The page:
USA – In the era of climate change, record-setting fires are the new norm — something farmers are learning to adapt to.
Katie Delbar is happy to report that she hasn’t found any burned cows — yet. But things are far from hunky-dory on her Northern California ranch. Since her land began burning in July, along with much of the adjoining national forest where she has a permit for her herd to roam, 35 of her 160 cattle are unaccounted for.
“We hope to find them alive,” says Delbar, who is also the executive director of the USDA’s Farm Service Agency office for Mendocino and Lake counties, where the largest recorded fire in California history — the Mendocino Complex fire — raged for half of this summer. “Our biggest concern at this point is that there’s not much out there for them to eat because it all burned.”
Delbar says it will be weeks if not months before the USDA compiles a comprehensive list of fire damage on Mendocino and Lake County farms, an area known for its vineyards, orchards and organic vegetable farms, in addition to a handful of large ranches. But she says early indications are that ranches, which typically consist of dry, hilly terrain, have had the worst of it, as most other farms are clustered in valleys that were kept safe by firebreaks, or in some cases by farmers’ own irrigation systems used as a last resort.
Many ranchers in the area, even if they didn’t lose any livestock, will have heavy financial losses this year because their grazing areas have been reduced to charred earth, says Delbar. “We’ll have to buy a lot of extra hay from now through the winter, plus there are fences and watering systems to rebuild.”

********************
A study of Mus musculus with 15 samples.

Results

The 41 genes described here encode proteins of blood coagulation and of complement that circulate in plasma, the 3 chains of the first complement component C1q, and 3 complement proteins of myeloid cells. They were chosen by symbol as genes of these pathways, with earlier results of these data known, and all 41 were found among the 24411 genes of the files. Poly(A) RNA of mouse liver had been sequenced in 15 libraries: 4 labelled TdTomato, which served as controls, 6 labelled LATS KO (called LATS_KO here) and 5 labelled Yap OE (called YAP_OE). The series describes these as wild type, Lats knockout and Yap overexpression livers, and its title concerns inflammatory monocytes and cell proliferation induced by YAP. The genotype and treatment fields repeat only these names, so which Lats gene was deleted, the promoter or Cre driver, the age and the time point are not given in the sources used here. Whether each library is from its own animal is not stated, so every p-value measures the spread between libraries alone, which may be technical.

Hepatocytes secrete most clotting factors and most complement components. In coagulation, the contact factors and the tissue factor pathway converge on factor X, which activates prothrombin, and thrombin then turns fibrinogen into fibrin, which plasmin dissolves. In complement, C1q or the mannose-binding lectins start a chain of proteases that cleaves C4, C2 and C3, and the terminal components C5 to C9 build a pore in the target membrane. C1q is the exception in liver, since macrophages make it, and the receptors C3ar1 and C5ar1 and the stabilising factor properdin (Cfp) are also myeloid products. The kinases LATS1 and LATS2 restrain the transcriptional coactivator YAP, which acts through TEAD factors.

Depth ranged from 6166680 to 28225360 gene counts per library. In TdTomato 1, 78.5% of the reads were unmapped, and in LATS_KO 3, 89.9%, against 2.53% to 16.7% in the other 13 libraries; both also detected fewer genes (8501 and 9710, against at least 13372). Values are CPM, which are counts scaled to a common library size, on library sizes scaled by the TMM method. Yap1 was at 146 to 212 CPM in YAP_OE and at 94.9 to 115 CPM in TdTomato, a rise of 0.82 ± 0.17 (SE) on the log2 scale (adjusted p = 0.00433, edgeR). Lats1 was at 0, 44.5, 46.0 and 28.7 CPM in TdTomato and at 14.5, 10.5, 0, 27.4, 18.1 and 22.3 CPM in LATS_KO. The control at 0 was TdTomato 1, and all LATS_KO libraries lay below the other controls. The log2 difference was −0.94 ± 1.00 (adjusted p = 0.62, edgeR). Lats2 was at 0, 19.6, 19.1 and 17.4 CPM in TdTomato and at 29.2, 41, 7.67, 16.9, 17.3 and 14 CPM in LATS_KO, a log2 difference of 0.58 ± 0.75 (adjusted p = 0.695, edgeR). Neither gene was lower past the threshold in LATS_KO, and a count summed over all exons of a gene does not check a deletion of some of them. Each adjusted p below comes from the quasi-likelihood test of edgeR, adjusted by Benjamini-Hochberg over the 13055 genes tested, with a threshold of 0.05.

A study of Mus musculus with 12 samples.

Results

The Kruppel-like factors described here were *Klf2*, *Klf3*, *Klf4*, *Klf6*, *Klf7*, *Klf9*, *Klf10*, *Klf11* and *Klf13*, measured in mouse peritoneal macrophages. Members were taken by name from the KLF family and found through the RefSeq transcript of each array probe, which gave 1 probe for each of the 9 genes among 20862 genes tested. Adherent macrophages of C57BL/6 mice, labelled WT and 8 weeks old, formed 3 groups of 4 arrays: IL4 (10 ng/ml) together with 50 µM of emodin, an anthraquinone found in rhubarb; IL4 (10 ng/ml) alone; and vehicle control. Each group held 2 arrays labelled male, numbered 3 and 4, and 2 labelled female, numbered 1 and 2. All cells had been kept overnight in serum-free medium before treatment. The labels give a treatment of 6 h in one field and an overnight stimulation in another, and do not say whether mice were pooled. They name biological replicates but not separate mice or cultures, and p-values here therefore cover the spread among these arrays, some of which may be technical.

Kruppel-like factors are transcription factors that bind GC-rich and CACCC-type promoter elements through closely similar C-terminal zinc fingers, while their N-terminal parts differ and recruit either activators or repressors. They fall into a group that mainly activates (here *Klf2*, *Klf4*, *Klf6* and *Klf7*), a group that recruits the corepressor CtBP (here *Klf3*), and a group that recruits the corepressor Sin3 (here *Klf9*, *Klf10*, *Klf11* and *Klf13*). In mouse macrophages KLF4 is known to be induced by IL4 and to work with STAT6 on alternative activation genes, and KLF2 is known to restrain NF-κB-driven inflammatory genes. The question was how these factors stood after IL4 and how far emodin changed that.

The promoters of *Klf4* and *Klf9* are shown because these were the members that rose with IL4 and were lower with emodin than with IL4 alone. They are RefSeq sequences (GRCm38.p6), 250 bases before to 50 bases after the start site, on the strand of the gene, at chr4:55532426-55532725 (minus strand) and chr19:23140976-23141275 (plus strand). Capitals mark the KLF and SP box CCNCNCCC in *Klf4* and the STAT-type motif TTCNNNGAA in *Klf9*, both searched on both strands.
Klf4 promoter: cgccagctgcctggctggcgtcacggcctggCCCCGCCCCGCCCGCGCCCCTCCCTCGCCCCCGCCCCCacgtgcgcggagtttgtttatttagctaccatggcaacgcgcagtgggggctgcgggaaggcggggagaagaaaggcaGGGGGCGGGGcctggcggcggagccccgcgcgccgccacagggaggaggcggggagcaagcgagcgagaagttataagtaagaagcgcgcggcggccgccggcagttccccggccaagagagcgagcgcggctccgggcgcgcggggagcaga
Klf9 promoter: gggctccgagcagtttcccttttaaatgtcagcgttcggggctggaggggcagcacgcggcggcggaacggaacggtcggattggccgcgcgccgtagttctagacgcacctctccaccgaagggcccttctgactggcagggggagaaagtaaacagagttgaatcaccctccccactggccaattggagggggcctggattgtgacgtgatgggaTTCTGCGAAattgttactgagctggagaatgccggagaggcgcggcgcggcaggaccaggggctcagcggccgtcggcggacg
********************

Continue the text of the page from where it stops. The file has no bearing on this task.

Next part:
Emily MacNair, director of the B.C. Agriculture and Food Climate Action Initiative, says the situation is similar in her province, which is suffering through the worst fire season on record (the previous “record” was set last year). Other than ranch land, few farms have actually burned, she says, but that doesn’t mean that farmers aren’t impacted. MacNair offers a laundry list of secondary impacts, ranging from “smoke taint” making wine unsellable, to farmworkers being treated for respiratory problems as a result of laboring in smoky conditions.
“Fire is a part of life here in summer, but the number and size of fires recently is unprecedented,” says MacNair. Even if your land doesn’t burn, she adds, harvesting and shipping crops becomes a logistical nightmare when you don’t know whether you’re going to have to evacuate at a moment’s notice. “With more than 500 fires burning in British Columbia right now, the smoke is so thick in some places that it’s almost dark in the middle the day — that affects not only people, but the health of crops.”
Now that record-setting fires seem to be the new norm, MacNair is urging farmers to adapt. This spring, her organization published a wildfire preparedness guide for farmers and hosted workshops in the Okanagan Valley, one of the richest agricultural regions in Canada, to spread the word on how producers can protect their operations.
“The idea is to walk farmers through a process to make sure they’ve identified all the possible risks they can plan for ahead of a fire.” says MacNair. These range from the obvious — livestock evacuation plans and building firebreaks — to replacing the siding on outbuildings with fire-resistant cladding and installing special outdoor sprinkler systems around key infrastructure. “It’s far easier to plan ahead than to be scrambling at the last minute. The fires will likely only get worse, so it pays to invest in preparedness now.”